Building on the momentum of last year’s growth of over 6%, the new figures, published by Bord Bia on Thursday 13 October, show a further year-on-year increase of 23.7%, bringing the total value of organic grocery sales to €142m.
The figures were announced on Thursday during the national organic awards, which took place in Bord Bia’s Dublin headquarters. Over 70 industry representatives gathered for the event, which rewards quality within the Irish organic sector across categories including best new product, chef’s choice, export and innovation.
Following thorough judging on some 278 individual products, a record-high level of entries, seven organic food companies were selected as overall category winners. Two Leitrim food businesses were among the top seven. The Organic Centre, based in Rossinver, won best fresh product award for its organic salad bag, a selection of mixed salad leaves with edible flowers and herbs, while the best prepared product award went to Drumshambo’s Blake’s Always Organic for its culture blend coffee.
Best prepared product: Blakes Always Organic Food @Bordbia - national organic awards— Farmers Journal (@farmersjournal) October 13, 2016
Based in Timoleague, Co Cork, Ummera Smoked Products won the best new product award for its smoked organic picanha beef, made using the rump cap cut of beef, which the judges noted as “exceptional”.
The business, a smokehouse in operation for over 40 years, currently supplies the product to a number of hotels and restaurants nationwide. Flahavan’s Irish organic porridge, which is exported to over 11 countries including the United Arab Emirates, Russia and South Korea, was awarded the export award.
The rest of the winners included: Highbank Orchards in Kilkenny, whose orchard syrup picked up the chefs’ choice award, a new category for 2016, for its versatility in the kitchen; Mulberry Meadow Organic Farm based in Monaghan won the innovation award for its “My organics living salad” – a salad bowl mix. The judges considered the “vibrant” product as unique within the sector. Finally, Galway’s Green Earth Organics received the direct selling award for its 100% Irish veg box, which the business sells online making it easy for shoppers to access locally-grown, organic produce.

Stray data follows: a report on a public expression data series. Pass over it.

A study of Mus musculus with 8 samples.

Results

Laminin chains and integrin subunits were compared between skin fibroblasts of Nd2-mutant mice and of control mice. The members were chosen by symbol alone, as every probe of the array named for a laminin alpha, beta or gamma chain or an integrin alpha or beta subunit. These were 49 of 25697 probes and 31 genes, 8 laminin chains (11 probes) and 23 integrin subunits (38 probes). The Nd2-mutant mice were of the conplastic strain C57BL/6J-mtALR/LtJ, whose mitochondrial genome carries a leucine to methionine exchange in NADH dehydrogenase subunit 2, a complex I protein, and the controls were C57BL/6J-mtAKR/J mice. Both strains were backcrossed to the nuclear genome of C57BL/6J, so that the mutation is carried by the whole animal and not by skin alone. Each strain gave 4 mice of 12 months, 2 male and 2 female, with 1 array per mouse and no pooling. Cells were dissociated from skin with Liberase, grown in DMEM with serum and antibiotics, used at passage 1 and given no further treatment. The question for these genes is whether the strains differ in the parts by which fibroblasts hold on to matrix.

Speaking to the Irish Farmers Journal after the awards ceremony, Minister of State at the Department of Agriculture Andrew Doyle said he was delighted with the current state of the organic sector, which received €10m in funding in Budget 2017.
“It was a very competitive awards ceremony. Everybody who took part in the competition is a winner because they’re advocating for the sector. And it’s a growing sector. While there is huge potential for it domestically, there is also a big market for organic product abroad.”
I think there is a place for organics beyond 2% land use
In relation to increasing land area usage for organics in Ireland, Doyle said the fact that we have grown from 1% to 2% over the last few years is a good indicator of where organics can go.
“I think there is an attraction to it and an interest in it. Awareness and understanding of what it involves and can yield is very important. I think it has a place beyond 2% land use. I would like to see it go so far as 7%, which is the EU average for organic land use.”
Market for organics abroad
John Flahavan, chairman of E Flahavan and Sons, which won the best organic export award for its organic oats, told the Irish Farmers Journal that the business goes back to his great-great-great grandfather, Thomas Dunn, who milled from the same location in Kilmacthomas, Co Waterford.
“I’m sixth generation and my son and daughter are seventh generation,” he said.
One of the major issues at the moment is how we get over the whole Brexit and the currency issues
Flahavan’s diversified into the production of organic oats some years ago and now have the largest brand of organic oats in the UK. All in all, Flahavan’s export their products to 17 countries, including the UK, US and South Korea. But Brexit is looming and is causing some worries.
“One of the major issues at the moment is how we get over the whole Brexit and the currency issues,” John said. “That’s our major challenge, to keep Flahavan’s in the supermarkets in the UK and to develop new markets as well.”